Millions of people are about to update the most essential device in their lives -- their iPhone -- to Apple's new iOS operating system, iOS 11.
Should you take the plunge and do it now, or wait until all the reviews are in ... and all the bugs are out?
iPhone users have concerns
Some iPhone owners, like Ally Knestrict, have a few concerns. While having lunch outdoors, she was reading reviews, and decided she would wait a few days. "I might hold off and wait a few days," she said, "just to see what the issues are, and if it works well."
She had already heard of some problems with battery life. Others in the lunch crowd said they heard that it needs a lot of free space to download. Janelle Bagneski said, "I won't have enough space on my phone if it requires 2 gigabytes." She is correct.
So we compiled the pros and cons of Apple's newest iOS.
The look: iOS 11 is not as dramatic an update as iOS 9 and 10 were, when the whole look changed, and there was a learning curve.
You will immediately notice some new looks, especially in the App store, and your options at the bottom of Messages.
Control Panel: The Control Panel is much simpler to use than iOS 10, which gave you three screens to swipe between. Now, music, flashlight, and the on and off buttons for Bluetooth and WiFi are all there on one screen, just like on Android phones.
Photos: Apple says the camera is improved, and photos will take up less space due to its new HEIC compressing format, which takes up less room than JPEGs. (Though you will still have to option to save them as JPEGs). The Verge explains the file issues in detail.
Do Not Disturb: A wonderful new Do Not Disturb improvement now alerts people who text you that you are driving and cannot text back. You can turn this on or off manually, or with the iPhone 6 or newer, it will do it automatically when it senses you are diving. (Yes, you can turn it off if you are in a bus or a passenger). MetroUK has a good article explaining how this works.
Do Not Disturb is just one of several new safety features, according to a good review in The Independent.
Siri: The Siri voice assistant has too many improvements to list, but the biggest one is that she will do audio translations into French, Spanish and several other languages. This is a huge improvement for foreign travelers who don't know a word of their new country's language.
Maps: Maps now gives more detailed information, and even speed limits of highways, as explained in a report in MacWorld.
iPad: The iPad version now lets you easily run multiple screens and apps, making it look more like a Microsoft product (did I just say that?)
The website TechDotMatrix lists a number of other good improvements with iOS 11.
Older apps: iOS 11 no longer supports older 32-bit apps, so if your favorite old app is not 64 bits, you will have to update or delete it.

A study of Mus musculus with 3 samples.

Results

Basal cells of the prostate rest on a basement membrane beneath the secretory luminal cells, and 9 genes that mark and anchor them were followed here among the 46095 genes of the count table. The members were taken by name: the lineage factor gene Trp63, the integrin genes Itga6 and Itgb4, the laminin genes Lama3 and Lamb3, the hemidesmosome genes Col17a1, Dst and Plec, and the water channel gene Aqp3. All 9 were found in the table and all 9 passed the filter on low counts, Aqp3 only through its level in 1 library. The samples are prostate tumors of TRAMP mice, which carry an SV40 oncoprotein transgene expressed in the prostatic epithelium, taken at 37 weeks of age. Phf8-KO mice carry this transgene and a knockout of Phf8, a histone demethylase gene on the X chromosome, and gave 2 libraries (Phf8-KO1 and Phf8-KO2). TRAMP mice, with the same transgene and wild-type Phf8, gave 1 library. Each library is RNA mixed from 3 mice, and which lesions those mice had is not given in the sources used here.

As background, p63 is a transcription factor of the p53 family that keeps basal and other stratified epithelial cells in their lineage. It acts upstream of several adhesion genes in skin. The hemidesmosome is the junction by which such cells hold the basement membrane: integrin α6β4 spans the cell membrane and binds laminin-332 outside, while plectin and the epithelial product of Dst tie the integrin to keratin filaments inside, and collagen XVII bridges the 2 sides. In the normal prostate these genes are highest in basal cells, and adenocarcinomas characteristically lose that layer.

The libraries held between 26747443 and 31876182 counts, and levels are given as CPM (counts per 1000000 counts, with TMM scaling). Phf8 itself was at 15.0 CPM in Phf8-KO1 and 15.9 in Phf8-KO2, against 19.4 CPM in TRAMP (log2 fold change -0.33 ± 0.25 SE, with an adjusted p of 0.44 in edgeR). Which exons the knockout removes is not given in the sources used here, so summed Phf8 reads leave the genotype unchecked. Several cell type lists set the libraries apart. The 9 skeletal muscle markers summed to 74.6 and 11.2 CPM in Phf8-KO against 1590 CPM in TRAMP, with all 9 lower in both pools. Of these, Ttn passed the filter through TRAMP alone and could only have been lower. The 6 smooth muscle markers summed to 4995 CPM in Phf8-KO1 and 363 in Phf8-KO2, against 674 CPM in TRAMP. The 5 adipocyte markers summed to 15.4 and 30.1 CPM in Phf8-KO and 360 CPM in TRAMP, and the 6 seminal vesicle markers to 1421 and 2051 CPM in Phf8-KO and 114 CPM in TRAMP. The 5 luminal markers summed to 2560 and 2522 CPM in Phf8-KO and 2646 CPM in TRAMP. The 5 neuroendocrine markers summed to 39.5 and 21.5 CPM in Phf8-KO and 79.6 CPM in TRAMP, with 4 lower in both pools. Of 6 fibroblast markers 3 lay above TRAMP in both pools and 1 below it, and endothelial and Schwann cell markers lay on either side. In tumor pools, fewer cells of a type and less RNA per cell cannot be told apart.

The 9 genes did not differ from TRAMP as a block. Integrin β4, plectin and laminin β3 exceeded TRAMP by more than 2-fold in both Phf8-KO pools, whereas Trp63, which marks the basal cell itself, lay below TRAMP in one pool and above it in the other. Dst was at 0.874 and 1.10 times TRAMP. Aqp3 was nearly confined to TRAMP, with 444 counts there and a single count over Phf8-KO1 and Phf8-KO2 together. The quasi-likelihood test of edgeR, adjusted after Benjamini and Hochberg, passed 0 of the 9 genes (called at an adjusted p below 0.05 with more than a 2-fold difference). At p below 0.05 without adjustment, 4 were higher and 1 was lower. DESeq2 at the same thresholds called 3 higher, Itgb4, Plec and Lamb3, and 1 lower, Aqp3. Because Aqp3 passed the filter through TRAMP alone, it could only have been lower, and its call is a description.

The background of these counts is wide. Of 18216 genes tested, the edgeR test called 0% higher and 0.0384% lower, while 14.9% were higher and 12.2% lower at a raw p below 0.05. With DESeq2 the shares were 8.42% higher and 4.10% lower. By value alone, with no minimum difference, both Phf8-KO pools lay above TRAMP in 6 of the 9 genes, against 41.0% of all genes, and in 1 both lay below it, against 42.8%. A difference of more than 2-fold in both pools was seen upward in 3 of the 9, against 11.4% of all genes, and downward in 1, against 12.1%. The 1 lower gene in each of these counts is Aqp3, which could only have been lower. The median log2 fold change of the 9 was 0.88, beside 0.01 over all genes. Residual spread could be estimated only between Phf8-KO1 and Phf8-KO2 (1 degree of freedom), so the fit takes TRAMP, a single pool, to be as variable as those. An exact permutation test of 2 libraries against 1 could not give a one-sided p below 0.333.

iPhone 5: If you are still using a 4- or 5-year-old iPhone 5, you cannot download iOS11. You are stuck with 10 ... forever. It will work on the iPhone 5S, though some users report it slows the phone down. (If you still have the 3G iPhone 4, you shouldn't be even reading this column. Please buy a new phone, then get back to me). I have a 5S, and so far everything is fine, though the phone feels a bit slower opening apps.
Photo compatibility: The new HEIC photo format (to save space) may not be compatible with PCs and Microsoft-based photo editors without conversion to JPG files. The Verge has a good writeup on this.
Microsoft Exchange issues: While we are talking Microsoft, some users report problems with the Exchange for iOS app and with Outlook 365. I have not noticed this problem on my iPhone 5S, with the update.
Battery Drain: Really, there's not much ugly with iOS 11, unless you find it dramatically draining your battery, as some early users report. Gotta Be Mobile explains what to do if your battery is now running down fast. Apple forums are already filled with suggestions for improving battery life if this happens, such as shutting off automatic app refreshing.
Not enough space: Also, keep in mind you need 2 gigs of free space to install the update. If you have an older iPhone with lots of videos on it, you may have to delete some videos or music.
One hour download time: Anticipate the whole download, updating and installation to take an hour on average.
Don't try to do it on the fly, like 20 minutes before an important meeting (as I tried to do, oops). Also, there is a 10-minute period late in the installation process where you cannot use your phone at all, as all you will see is a slow bar moving.
So it is best to do the update at home, at night, when there is no urgency. Finally, you may want to have the phone plugged in during the update, or you'll be stunned how much battery power that one-hour process will take. I was down to 25 percent at the end of the update. Glad I had a spare power cord in my desk.
Otherwise enjoy, and don't waste your money.